Toyota is scrambling to protect its green reputation in the US, its largest market, where environmental groups are urging it to drop its opposition to a draft fuel economy bill.
The controversy has landed the maker of the world's top-selling hybrid vehicle, the Prius, at the centre of a high-stakes legislative debate, and has even elicited a defence on its behalf from General Motors, its rival for the position of the world's top carmaker.
Nine groups, including the Union of Concerned Scientists, the National Environmental Trust and Friends of the Earth, last week asked Americans to sign a letter urging Toyota to drop its opposition to a draft bill on fuel economy standards passed by the US Senate.
The letter, addressed to Shigeru Hayakawa, president of Toyota USA, claims Toyota is joining its Detroit rivals to deny Americans the strict fuel economy standards it complies with in Japan.
"When I decide what type of vehicle I want to drive, I take a company's overall reputation into consideration," it reads.
"Toyota's credibility is on the line."
Toyota has joined GM, Ford Motor and Chrysler in opposing the fuel economy bill in the Senate.
The draft requires manufacturers to reach a fleet average of 35 mpg by 2020 - 10 mpg higher than today. But the carmakers say the target is unrealistic and would in effect limit production of pick-up trucks and other large vehicles.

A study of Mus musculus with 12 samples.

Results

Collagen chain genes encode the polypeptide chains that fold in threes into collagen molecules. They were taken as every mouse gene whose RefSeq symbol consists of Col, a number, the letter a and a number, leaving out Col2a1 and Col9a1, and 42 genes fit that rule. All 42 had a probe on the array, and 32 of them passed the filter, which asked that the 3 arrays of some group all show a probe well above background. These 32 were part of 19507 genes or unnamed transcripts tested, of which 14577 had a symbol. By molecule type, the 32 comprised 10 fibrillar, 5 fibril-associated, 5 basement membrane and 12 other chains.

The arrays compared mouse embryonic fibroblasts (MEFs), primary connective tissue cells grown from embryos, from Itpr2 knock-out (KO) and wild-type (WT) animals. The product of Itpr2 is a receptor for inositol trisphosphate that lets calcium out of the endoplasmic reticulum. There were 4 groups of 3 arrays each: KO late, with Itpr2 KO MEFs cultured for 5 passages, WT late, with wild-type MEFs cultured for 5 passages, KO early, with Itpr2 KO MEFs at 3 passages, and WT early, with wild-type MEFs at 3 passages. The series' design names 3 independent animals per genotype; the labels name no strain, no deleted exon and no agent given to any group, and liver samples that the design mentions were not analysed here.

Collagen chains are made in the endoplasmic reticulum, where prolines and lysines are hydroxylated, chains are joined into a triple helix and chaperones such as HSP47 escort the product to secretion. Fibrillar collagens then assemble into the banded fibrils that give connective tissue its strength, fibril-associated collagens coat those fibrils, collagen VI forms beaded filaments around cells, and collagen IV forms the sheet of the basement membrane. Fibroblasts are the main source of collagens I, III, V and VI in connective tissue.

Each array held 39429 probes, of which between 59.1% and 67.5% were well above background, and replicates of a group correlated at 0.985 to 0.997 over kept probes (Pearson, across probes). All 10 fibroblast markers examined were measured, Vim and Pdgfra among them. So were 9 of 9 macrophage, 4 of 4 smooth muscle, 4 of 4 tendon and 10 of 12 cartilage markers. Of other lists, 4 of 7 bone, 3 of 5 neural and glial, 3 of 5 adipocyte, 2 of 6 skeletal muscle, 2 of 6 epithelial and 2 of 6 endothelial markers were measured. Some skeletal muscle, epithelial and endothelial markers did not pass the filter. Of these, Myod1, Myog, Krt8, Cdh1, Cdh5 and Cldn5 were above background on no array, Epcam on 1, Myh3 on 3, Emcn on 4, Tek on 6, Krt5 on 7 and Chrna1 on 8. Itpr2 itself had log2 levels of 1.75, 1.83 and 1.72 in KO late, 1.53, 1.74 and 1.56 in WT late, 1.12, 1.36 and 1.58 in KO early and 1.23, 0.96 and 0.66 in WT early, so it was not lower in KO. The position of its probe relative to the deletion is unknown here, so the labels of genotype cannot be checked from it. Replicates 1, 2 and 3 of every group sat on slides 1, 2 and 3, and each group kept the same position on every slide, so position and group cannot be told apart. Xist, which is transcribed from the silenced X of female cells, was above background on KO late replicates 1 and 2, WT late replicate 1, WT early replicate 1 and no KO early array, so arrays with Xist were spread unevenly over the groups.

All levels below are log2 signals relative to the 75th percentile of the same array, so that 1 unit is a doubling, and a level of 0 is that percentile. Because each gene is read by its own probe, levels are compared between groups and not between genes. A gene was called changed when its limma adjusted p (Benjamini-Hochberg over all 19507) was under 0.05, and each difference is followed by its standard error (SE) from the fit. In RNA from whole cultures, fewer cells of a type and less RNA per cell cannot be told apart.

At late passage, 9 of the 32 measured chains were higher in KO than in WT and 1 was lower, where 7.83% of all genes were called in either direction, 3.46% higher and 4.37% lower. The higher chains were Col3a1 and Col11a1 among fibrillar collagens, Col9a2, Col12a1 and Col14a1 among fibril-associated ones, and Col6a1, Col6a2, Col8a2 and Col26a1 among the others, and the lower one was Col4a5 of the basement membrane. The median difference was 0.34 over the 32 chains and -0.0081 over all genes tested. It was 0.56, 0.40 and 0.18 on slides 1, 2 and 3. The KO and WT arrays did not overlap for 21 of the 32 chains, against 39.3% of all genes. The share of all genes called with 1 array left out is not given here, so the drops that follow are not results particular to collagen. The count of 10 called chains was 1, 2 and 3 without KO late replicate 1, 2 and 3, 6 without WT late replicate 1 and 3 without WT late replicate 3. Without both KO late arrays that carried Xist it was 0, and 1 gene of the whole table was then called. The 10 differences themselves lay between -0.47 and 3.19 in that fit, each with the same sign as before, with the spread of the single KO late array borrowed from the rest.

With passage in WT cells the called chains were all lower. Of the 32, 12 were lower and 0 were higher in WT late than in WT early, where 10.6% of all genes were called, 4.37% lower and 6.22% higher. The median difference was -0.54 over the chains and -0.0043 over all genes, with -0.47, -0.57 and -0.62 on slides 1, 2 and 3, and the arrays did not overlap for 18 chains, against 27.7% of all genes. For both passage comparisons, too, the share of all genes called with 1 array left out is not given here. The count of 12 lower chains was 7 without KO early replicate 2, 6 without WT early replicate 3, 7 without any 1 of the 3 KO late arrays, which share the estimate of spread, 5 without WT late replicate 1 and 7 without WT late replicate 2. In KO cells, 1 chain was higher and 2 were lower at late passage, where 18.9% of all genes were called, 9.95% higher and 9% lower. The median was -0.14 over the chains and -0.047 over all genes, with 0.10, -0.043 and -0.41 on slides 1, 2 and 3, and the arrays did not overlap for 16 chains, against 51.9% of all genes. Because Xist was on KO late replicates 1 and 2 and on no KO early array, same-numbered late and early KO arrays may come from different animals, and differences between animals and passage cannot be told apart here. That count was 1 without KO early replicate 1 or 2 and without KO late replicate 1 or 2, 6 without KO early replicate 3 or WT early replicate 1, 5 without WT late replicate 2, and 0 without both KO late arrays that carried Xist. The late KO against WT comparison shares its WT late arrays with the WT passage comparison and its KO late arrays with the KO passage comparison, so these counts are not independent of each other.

Toyota and its US rivals support an alternative bill proposed in the House of Representatives that sets a goal of 32 to 35 mpg by 2022.
"We believe this legislation sets a realistic and achievable deadline for all automakers to increase fuel economy standards," said Josephine Cooper, Toyota's US head of government affairs.
Alongside the Prius, Toyota produces many larger vehicles, including the Tundra large pick-up truck.
Carmakers are wary of bearing the full cost of transforming the way Americans drive, which they say will only change dramatically when petrol taxes are raised.
Thomas Friedman, the New York Times columnist, asked this month: "Why would Toyota, which has used the Prius to brand itself as the greenest car company, pull such a stunt?"
But GM spokesman Tom Wilkinson defended Toyota.
"There's nothing sinister about Toyota - or anyone else - building trucks," he wrote on GM's FYI blog.
"To the unending frustration of Mr Friedman and a handful of environmentalists, Americans buy trucks."